Thank You, Baseball: An Epiphany | The Golden Sombrero Baseball Blog | MLB, Fantasy, College & High School Baseball News

Thank You, Baseball: An Epiphany

April 22, 2010

Late one evening, my assistant coach-for both my high school C-Team and my summer league Connie Mack team-his girlfriend, my girlfriend and I were entertaining ourselves with some rather deep conversation about teaching techniques.  By around 12:15 a.m. an epiphany had found its way through to my brain.  We all began discussing different success stories of education, via public high school, baseball coaching, or as a full-time educator in a youth detention center-better known as juvie.  I am a first-time, 9th grade English teacher, 3rd year baseball coach (first time high school), that coaches the Farmington High School C-team in the baseball program.  Jeff Rogers, the aforementioned assistant (the coaching variety, not upper echelon society) is a rookie in the coaching department and has a ton of new insight due to virgin eyes, so to speak.  My girlfriend, Jenna, is an educator inside the Farmington Youth Detention Center and has insight into teaching from a point of view that deals with some of the most unfortunate minds that America has to offer.  To be short, we are a group of educators that cover the gamut of educational opportunities.  During this conversation I found that every story had a common denominator; they all dealt in small group scenarios, where the learners felt that they were learning something that was uniquely new to their group and not to any other group of the population.  They felt that they were the new holders of knowledge.  Specialized learning is common place, even to the first year teacher.  How does that carry over to baseball?

By creating an environment that feels specialized (read as personal) the learning experience holds deeper within the young mind.  Thus, the educator must create small group areas in order to promote proper learning.  I have personally seen the production of teaching multiple techniques/practices, to particular groups of 3-4 players/practice and have found the turnouts to be just short of extraordinary.  For instance, with my six 8th graders ,I have two who are above the rest.  I am able to group them with a couple of the lowest freshmen, and teach one principle for a round of BP.  For another group of my most superior players, I am able to teach a much more sophisticated approach to what hitting is and means.  There are about 2 more distinct groups of players, such as speed guys and pitchers, that I end up being able to talk about my true passion in 4 different ways each and every practice; five ways if you count the average kids in the middle, right on track.  This is simply amazing.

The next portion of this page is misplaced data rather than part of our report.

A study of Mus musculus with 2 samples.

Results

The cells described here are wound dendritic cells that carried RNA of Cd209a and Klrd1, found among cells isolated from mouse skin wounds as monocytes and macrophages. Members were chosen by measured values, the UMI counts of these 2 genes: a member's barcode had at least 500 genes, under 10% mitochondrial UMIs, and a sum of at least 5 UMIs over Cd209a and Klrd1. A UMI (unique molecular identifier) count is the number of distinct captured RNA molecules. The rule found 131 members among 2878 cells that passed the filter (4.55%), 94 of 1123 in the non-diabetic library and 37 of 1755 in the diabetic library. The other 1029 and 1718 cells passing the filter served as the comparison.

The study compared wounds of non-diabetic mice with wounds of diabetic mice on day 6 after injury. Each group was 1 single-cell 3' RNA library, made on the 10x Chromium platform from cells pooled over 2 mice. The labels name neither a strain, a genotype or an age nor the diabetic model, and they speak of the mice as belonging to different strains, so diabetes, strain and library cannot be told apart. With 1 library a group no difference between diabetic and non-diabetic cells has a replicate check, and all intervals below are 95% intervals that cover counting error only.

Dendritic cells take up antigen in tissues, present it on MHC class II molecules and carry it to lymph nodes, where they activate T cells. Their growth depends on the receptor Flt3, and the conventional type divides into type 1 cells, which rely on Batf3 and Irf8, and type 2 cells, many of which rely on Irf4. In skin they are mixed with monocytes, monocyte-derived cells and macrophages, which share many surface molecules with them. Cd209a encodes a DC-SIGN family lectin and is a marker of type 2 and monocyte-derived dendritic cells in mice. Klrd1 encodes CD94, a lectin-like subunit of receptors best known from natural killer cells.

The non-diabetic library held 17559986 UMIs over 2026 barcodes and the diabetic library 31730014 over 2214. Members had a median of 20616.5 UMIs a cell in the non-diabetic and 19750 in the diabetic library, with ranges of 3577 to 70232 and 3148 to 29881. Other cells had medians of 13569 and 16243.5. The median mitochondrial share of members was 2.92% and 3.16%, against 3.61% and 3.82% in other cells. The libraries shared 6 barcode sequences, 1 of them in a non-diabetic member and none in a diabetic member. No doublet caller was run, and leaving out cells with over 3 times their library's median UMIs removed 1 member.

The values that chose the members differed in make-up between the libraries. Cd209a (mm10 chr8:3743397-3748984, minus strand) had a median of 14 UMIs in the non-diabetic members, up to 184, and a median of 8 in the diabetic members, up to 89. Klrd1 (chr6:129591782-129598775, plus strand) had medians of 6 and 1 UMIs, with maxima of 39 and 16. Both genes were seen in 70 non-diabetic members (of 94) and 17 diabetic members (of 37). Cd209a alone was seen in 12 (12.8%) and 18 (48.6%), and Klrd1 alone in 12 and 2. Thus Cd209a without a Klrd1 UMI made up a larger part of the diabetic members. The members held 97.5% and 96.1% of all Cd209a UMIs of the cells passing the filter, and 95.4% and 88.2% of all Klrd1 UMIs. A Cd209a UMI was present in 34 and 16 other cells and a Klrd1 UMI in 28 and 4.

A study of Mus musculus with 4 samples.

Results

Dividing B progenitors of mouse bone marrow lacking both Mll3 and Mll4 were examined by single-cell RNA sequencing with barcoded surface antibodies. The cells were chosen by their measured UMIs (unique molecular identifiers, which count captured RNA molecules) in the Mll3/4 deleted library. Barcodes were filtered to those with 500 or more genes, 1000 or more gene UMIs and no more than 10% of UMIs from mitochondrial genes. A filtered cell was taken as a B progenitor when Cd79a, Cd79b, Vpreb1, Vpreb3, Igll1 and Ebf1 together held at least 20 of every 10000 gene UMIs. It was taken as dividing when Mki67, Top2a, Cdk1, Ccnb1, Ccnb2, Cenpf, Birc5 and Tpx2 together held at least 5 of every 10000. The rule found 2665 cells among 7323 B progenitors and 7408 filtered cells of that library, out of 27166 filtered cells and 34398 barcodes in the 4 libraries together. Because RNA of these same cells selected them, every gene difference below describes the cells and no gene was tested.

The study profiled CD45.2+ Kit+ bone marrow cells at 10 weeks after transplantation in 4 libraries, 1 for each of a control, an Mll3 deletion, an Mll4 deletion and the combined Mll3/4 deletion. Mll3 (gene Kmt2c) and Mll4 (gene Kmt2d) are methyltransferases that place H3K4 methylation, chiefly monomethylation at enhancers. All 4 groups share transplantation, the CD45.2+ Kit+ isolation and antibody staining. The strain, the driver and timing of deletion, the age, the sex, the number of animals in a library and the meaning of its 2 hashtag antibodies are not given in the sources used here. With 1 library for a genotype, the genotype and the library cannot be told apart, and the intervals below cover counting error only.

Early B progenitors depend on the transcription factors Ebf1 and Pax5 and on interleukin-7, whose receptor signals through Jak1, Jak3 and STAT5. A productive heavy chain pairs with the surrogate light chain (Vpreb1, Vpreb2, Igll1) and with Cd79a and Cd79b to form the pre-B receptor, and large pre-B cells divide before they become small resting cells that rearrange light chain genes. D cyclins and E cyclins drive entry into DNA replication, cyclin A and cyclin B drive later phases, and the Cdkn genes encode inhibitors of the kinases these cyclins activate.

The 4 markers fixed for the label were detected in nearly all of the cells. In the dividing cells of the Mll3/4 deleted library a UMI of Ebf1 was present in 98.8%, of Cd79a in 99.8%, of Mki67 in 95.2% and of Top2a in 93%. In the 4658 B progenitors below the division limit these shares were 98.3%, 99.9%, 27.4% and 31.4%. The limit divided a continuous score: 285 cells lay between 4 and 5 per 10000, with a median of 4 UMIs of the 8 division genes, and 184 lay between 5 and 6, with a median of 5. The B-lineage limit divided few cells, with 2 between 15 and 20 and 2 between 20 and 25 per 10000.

I now have, maybe, the truest experience of baseball one could imagine.  I am able to focus the majority of my skills and prior practiced/played experiences on my one true passion in life (except for my previously mention girlfriend Jenna.  She’ll never be #2); baseball.  The pleasure brought forth, through realization of this, has made my most recent 45 minutes post-enlightenment, pure bliss.  I feel like I am living a dream, fuck the cliché.  It is this joyous, slightly extravagant, excitement that makes me thank baseball for my life.  It has lead me down a road that I am forever thankful for finding.  Baseball has taken all over the place.  New Mexico. Arizona.  California.  Colorado.  Wyoming.  New York.  Omaha, Nebraska.  Texas.  Missouri.  Simply put, it’s provided me with the chance to experience an eclectic environment and way of life (especially baseball life) that is unique.

It is unique in the same way that the teaching is unique.  From the immaculate artist, locked away, to the 8th grader who has never had proper coaching, to the kid who asks to ignore The Odyssey for a day, and find out how to eliminate the national debt.  Sure they are once in a blue moon, both the class discussion with freshmen and truly gifted baseball players, but that is the beauty of it.  It provides multiple opportunities to discuss some personal interests.  A personal investment is the most efficient fuel towards true education.  I feel lucky to have had baseball in my life.  Thank you baseball.  Thank you for leading me to where I have landed.  I am the happiest man I could be.  And all along the way, you have helped me discover a better way of educating.  Two passions for the price of one.  (Hey, I had to bring it all around full circle somehow.)  One.